Aug. 1, 2007 When it comes to producing earth-friendly solar energy, pink may be the new green, according to Ohio State University researchers.
Scientists here have developed new dye-sensitized solar cells (DSSCs) that get their pink color from a mixture of red dye and white metal oxide powder in materials that capture light.
Currently, the best of these new pink materials convert light to electricity with only half the efficiency of commercially-available silicon-based solar cells -- but they do so at only one quarter of the cost, said Yiying Wu, assistant professor of chemistry at Ohio State.
And Wu is hoping for even better.
"We believe that one day, DSSC efficiency can reach levels comparable to any solar cell," he said. "The major advantage of DSSCs is that the cost is low. That is why DSSCs are so interesting to us, and so important."
Pink is a typical color for DSSCs. Most use dyes containing ruthenium, which has a red color; the metal oxide powder that turns the mix pink is most often titanium oxide or zinc oxide, which are both whitish in color. But Wu's materials are novel in that he's using more complex metals and exploring different particle shapes to boost the amount of electricity produced.
In a recent issue of the Journal of the American Chemical Society (JACS), he and his team report that they have made a new DSSC material using zinc stannate.
This is the first time that researchers have made a DSSC from anything other than a simple oxide. Wu and his colleagues chose zinc stannate because it belongs to a class of more complex oxides with tunable properties.
"This opens up new possibilities for how scientists may tailor the properties of DSSCs in the future," he said.
So why are DSSCs pink, and not blue like silicon-based solar cells?
Those traditional solar cells look blue because of an anti-reflective coating, he explained. The coating boosts absorption of green light, which is the strongest in the solar spectrum. Wu's materials don't have that anti-reflective coating.
Color determines the wavelength of light that a solar cell can capture, so adjusting the color lets scientists optimize particular properties in how the device will function. So far in the development of DSSCs, scientists have gotten the best performance from red ruthenium dye.
"If you want to achieve the best efficiency, you need to consider both the voltage you can achieve and the current you can achieve," Wu said. Voltage is the potential energy that the material could provide; current is the amount of charge it can transport.
"If you absorb a very broad range of wavelengths, that's going to sacrifice voltage. And if your absorption energy threshold is very high, you can achieve high voltage, but you'll sacrifice current. The idea is to find some balance."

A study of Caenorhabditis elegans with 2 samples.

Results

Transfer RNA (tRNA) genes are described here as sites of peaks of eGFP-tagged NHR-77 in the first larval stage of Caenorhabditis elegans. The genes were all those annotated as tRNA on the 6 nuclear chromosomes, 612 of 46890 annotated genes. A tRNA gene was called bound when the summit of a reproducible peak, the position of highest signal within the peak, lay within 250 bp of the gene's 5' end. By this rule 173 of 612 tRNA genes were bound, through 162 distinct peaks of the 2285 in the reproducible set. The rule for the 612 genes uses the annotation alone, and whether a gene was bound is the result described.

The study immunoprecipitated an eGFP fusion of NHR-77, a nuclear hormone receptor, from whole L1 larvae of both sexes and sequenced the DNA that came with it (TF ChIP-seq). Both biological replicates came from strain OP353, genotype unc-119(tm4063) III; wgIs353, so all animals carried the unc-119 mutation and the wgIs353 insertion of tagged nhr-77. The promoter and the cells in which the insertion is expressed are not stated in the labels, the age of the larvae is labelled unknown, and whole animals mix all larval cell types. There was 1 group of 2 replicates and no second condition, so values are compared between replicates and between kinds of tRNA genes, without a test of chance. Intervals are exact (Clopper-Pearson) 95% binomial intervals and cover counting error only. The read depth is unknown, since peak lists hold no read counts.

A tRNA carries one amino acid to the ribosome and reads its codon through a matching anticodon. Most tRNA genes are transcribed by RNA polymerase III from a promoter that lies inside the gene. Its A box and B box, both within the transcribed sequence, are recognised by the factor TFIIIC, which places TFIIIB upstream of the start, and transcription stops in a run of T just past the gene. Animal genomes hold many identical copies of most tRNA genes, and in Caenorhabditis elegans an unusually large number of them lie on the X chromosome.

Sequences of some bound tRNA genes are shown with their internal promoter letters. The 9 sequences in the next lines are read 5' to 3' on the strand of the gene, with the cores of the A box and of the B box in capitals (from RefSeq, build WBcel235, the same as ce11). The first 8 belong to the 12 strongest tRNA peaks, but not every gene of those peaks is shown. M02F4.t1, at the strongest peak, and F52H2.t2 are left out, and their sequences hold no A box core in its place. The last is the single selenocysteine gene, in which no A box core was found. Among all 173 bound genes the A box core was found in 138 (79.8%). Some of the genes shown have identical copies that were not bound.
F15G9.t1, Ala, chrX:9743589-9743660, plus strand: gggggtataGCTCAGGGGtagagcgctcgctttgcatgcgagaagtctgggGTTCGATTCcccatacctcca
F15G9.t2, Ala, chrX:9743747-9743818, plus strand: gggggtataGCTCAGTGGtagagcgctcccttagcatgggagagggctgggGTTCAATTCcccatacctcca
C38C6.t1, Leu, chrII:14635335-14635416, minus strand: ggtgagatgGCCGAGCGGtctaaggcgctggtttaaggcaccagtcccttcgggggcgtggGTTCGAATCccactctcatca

Silicon-based solar cells have been around since the 1960s. Scientists have been working to develop DSSCs since the 1990s.
In DSSCs, dye molecules coat tiny metal oxide particles that are packed together into a thin film. The dye molecules capture light energy and release electrons, and the particles act like electrical wires to carry the electrons away to an electrical circuit.
But electrons can get lost when traveling between particles. That's why Wu is working on designs that incorporate tiny nano-wires that carry electrons directly to a circuit.
Last year, he and his team published a paper in the Journal of Physical Chemistry B describing DSSCs that contained particles and nano-wires of titanium oxide. That formulation achieved 8.6 percent efficiency -- roughly half of the 15 percent efficiency typical of commercially available silicon solar cells.
In the new JACS paper, they report that a formulation with zinc stannate particles -- but no nano-wires -- achieved 3.8 percent efficiency. Now they are working to combine the two strategies, by making nano-wires from zinc stannate and other oxides.
They are also exploring the possibility of using nano-trees -- nano-wires shaped like the branches of a tree.
"We asked ourselves, what structure is best for gathering light and also transporting materials -- a tree! The leaves provide a high surface area for capturing light, and the branches transport the nutrients to the roots," Wu said. "In our DSSC design, the dye-coated particles would provide the surface area, and the nano-trees would branch out in between them, to transport the electrons."
So dye-sensitized solar cells may contain tiny pink "trees" in the future, but other colors are possible, he said. Researchers are studying new dyes and dye combinations that may work better.
Wu's coauthors on the Journal of the American Chemical Society paper included postdoctoral researcher Bing Tan, doctoral student Yanguang Li, and undergraduate student Elizabeth Toman.
This research was partially funded by the American Chemical Society's Petroleum Research Fund.